28


Posted by on August 28th, 2018 Posted in: Blog, K-12, Research


Football player and doctor

“Concussion.” Via MedlinePlus.gov, August, 2018, Public Domain.

Concussions happen daily in the United States and are a form of traumatic brain injury or TBI.  In fact, the Centers for Disease Control and Prevention estimate there were 2.8 million emergency room visits related to TBI.  With the prevalence of TBIs, it is no surprise that there are multiple research studies focus on this injury.  A new study made a breakthrough by studying woodpeckers!

TBI’s can be mild or severe enough to result in death. Symptoms of a concussion include:

  • headache
  • nausea
  • balance problems/dizziness
  • double or blurry vision
  • sensitivity to light and noise
  • fatigue or drowsiness
  • changes in sleep patterns
  • trouble comprehending and/or concentrating
  • depression
  • irritability, nervousness, or sadness
  • feelings of being “just not right” or in a “fog”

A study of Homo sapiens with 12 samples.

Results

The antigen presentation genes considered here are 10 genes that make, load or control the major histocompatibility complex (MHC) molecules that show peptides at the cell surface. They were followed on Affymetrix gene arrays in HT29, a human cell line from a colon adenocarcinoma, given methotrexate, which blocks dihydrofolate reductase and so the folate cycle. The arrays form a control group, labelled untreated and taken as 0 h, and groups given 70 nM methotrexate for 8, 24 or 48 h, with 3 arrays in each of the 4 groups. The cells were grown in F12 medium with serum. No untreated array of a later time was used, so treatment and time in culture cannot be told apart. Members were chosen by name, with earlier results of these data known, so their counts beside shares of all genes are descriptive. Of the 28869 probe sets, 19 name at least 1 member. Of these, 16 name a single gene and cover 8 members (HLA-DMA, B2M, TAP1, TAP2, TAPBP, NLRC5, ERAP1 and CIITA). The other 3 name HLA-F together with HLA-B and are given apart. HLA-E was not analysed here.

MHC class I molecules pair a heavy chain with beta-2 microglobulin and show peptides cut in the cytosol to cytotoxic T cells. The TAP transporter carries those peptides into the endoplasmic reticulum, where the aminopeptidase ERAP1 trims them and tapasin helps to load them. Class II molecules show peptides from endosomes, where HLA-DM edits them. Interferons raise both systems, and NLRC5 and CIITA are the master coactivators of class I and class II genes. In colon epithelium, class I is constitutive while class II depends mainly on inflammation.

Researchers have been looking for ways to minimize the impact TBIs have on sufferers.  A previous study examined whether how tense the neck muscles were could impact concussion risk.  It was believed that tense neck muscles slightly reduced acceleration.  A new study, however, found  that at higher velocity rates the neck muscles did not play a role.  The study out of Stanford shows that head positioning does affect concussion risk.  Read the entire study to learn more about the specifics of their findings and the role woodpeckers played.

These findings could be vital in TBI prevention.  David Camarillo, associate professor of bioengineering added, “ “Discovering how sensitive the head is to slight changes in positioning has implications on design of helmets and other protective equipment,” Camarillo said. “For example, could the facemask in football be offering a lever arm that adds to the rotation of the head and therefore risk of concussion? Are downhill mountain bike helmets protecting the chin at the cost of the brain?  We hope to use this model we have developed to determine better design geometry of helmets and potentially for input to coaching on how to brace for impact.”